As temperatures warm across the inland and winter cereal crops enter the grain fill stage, the talk in rural communities is not just of grain prices or the weather outlook but of the foreign ownership of land and agribusinesses. With more family farms being bought by overseas interests, some landowners fear that their own chances of long-term survival are at risk. Others question whether the small and medium towns that currently service rural areas will remain viable as broad-acre industrial farming spreads.
Farmers dependent on grain storage and transport infrastructure owned by GrainCorp fear that if US agribusiness giant Archer Daniels Midland receives Foreign Investment Review Board approval to take over the Australian company facilities may be closed down or sold off, leading to higher freight and storage costs. With the National Party having taken up their cause, the GrainCorp sale will test the Coalition government's resolve to encourage foreign investment.
Australia's dependence on foreign investment has long been part of economic orthodoxy, and the case of GrainCorp seems to vindicate all the arguments as to why it is essential to national prosperity. GrainCorp apparently lacks the financial wherewithal to upgrade ageing infrastructure - and to compete effectively against the large multinational firms that now dominate international agricultural trade. A takeover by Archer Daniels Midland will ensure that GrainCorp can upgrade decaying assets, build new facilities and access its putative parent's vast international network of companies.
Likewise, the arguments for allowing foreign companies and foreign state-owned enterprises to buy up agricultural land appear unassailable. Family-run farms are finding it increasingly difficult to make the capital-intensive transition to broad-acre farming. All the more reason, therefore, to encourage foreign companies with the financial capacity to bring new economies of scale to bear in agricultural production to invest here. And why, since we have long allowed British and US interests to own agricultural land here for decades, make an issue of Chinese state-owned firms buying Australian farms? Though technically absentee landlords, these firms can surely be relied on to safeguard their assets as well as anyone else. And lest it be overlooked, the willingness of the Chinese and others to invest here has allowed many families worn out by the uncertainties of farming to make a dignified (even profitable) exit from the land.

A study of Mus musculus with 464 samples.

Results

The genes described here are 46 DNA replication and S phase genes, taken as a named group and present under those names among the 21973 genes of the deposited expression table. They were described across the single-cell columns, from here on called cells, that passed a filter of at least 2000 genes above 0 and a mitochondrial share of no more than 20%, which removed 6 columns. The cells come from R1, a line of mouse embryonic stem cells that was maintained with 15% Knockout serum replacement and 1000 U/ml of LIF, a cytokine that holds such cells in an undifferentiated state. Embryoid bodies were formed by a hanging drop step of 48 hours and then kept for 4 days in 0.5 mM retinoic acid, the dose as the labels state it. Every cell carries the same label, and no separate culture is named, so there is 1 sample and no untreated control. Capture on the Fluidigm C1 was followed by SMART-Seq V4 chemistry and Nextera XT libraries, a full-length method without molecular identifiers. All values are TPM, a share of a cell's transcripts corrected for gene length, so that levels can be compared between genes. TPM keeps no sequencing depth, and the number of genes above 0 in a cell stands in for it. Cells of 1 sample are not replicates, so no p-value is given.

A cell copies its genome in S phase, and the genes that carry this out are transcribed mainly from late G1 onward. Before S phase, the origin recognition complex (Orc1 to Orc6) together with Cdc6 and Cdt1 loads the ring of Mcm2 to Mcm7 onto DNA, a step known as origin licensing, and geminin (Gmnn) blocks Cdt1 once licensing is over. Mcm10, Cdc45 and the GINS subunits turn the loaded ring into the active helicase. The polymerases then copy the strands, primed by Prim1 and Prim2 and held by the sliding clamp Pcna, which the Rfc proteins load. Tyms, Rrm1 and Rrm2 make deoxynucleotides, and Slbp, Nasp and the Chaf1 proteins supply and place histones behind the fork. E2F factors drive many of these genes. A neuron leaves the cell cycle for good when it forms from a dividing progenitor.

Many Australian farmers aware of the necessity to ''get big or get out'' are agnostic about foreign ownership. The level of interest in the cities would seem to be minimal. And yet, it remains a politically sensitive topic. The Ukraine government's decision to lease more than 3 million hectares of farmland - or 9 per cent of its arable land - to a Chinese company for 50 years will arouse considerable anger and fear, not the least because future produce is to be sold at preferential prices to Chinese state-owned conglomerates. The company buying the land has sweetened the deal by promising to build a motorway and bridge in the region, but opponents are concerned about smaller farmers being pushed off the land, rising unemployment and a decline in long-term rural development.
There may well be an element of xenophobia to such fears, but Chinese companies, particularly those involved in resource extraction in Africa, have not distinguished themselves with their environmental stewardship or willingness to hire local labour. And while agribusinesses such as Archer Daniels Midland cannot be faulted for their business acumen, their loyalty is to their US shareholders. If profitability can be enhanced by shrinking the operations of a subsidiary in a foreign county, it will not hesitate to act. Potential social impacts will have no bearing on its thinking.
This is why some in the Nationals, notably Barnaby Joyce, would like the Graincorp deal blocked. The Liberals may believe there is no economic justification for blocking it, but their junior partners have a mandate to query it. Indeed, Coalition unity may depend on conditions being placed on the sale.